Seen from a global perspective the trafficking in human organs is big business. There has been a dramatic rise since the global financial crisis of 2008 and there are media reports of $100,000 — $200,000 being paid by wealthy Middle-Eastern and European clients needing a transplant, with kidneys making up two-thirds of all organs transplanted globally. Given the desperate poverty of many people in Pakistan it is unsurprising that the organ traffickers are active here and the arrest in Rawalpindi of three members of a gang said to be involved in the illegal kidney trade probably represents the tip of a large iceberg.
The gang was traced after a man who had sold one of his kidneys went to the police, complaining that he had not been paid the sum he was due to receive. In this instance the crime was compounded as the defective kidneys of the man to whom he had donated his healthy ones were transplanted into the donor — leaving him a very uncertain future and a virtual surety of an early painful death. The police were able to identify the cell phone of the leader of the gang and then trace the numbers held in its memory thus leading to the arrests. The modus operandi of the gang was simple and effective. They would visit poor neighbourhoods and persuade people to sell their organs on the promise of large sums of money, which did not always materialise.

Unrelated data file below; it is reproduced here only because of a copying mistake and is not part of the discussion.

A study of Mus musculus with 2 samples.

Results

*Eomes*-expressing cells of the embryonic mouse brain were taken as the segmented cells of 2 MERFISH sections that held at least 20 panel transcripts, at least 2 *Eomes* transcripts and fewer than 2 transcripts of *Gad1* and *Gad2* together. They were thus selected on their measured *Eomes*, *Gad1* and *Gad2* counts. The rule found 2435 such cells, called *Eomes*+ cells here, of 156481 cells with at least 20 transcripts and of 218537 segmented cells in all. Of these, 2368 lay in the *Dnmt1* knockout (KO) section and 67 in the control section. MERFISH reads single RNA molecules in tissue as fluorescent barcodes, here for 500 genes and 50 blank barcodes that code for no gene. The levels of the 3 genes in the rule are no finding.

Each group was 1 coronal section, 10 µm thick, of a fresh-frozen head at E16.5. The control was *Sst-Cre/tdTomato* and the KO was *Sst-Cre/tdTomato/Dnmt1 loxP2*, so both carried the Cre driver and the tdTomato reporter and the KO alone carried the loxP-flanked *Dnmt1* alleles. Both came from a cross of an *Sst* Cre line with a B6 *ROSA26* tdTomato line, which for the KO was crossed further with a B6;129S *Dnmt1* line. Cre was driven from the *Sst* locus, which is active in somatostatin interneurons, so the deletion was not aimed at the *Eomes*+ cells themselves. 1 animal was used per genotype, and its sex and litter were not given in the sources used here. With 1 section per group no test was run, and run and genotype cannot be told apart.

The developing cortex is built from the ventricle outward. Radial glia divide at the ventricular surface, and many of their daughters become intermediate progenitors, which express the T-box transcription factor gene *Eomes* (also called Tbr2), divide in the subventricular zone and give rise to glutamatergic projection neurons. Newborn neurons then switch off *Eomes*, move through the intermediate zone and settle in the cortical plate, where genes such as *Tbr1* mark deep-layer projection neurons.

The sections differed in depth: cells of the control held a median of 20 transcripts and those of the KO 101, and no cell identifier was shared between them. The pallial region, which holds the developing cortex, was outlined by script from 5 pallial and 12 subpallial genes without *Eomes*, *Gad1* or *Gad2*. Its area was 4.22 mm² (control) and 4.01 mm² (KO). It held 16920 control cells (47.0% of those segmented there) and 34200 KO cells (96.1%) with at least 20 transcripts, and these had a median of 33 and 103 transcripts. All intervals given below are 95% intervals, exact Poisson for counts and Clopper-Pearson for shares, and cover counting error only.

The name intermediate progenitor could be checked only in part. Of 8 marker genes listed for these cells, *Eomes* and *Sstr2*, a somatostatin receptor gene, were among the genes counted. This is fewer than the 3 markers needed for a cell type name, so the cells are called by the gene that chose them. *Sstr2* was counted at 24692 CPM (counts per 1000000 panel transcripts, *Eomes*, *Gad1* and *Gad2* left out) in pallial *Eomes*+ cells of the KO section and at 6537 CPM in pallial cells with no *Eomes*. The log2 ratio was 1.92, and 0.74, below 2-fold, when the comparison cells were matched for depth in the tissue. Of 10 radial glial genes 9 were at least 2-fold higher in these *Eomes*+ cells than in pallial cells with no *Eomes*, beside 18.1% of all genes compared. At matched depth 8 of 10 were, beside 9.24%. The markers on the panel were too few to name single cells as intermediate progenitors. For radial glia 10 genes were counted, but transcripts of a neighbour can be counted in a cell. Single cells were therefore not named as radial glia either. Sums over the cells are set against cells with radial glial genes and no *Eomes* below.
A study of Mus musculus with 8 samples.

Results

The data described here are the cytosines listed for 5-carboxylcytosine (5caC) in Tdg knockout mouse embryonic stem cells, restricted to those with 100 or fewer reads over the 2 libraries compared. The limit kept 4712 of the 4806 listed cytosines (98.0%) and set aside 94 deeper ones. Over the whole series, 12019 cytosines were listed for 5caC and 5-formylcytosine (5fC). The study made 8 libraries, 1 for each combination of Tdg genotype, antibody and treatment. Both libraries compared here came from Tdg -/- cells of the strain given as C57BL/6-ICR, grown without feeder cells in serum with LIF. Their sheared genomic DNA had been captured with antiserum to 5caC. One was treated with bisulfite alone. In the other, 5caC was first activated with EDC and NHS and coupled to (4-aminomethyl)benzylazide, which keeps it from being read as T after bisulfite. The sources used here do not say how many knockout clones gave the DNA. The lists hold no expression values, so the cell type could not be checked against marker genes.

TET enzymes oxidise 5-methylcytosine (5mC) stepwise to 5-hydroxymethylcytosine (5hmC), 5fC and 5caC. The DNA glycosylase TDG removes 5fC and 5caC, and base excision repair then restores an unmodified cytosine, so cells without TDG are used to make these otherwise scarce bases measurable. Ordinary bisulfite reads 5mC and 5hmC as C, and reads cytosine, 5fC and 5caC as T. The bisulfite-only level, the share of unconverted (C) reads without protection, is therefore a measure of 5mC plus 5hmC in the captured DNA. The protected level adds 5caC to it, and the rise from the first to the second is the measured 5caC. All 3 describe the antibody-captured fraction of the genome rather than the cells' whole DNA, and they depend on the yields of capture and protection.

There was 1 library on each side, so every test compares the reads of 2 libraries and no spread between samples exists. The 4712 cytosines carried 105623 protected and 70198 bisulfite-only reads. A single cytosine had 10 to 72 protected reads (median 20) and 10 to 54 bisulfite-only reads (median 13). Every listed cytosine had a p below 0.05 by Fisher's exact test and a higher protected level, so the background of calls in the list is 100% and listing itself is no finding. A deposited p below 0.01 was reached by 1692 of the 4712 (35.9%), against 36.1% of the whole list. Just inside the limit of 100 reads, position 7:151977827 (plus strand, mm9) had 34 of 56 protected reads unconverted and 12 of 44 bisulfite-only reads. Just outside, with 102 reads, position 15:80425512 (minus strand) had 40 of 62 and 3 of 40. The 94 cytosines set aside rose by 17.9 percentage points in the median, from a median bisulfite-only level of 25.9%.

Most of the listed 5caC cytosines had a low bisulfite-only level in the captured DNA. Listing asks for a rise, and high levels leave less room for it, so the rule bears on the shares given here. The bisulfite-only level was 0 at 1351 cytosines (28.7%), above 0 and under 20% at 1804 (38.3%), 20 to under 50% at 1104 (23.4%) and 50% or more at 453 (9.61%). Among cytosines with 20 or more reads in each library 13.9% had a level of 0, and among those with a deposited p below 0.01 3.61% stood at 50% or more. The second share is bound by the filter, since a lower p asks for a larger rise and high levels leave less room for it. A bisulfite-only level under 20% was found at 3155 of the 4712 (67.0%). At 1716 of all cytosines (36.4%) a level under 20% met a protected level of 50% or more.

Dozens are thought to have fallen into the clutches of this particular gang and some are going to give evidence against them. This gruesome trade operates on the margins of the legitimate organ transplant culture, where donors and recipients are carefully screened and matched and follow-up treatment ensures the best outcome for both. Poverty is the engine that drives the illegal transplant business and there are always going to be wealthy buyers willing to circumvent the law and exploit those poorer than themselves — with Pakistan a market ripe for cultivation.
Published in The Express Tribune, September 18th, 2013.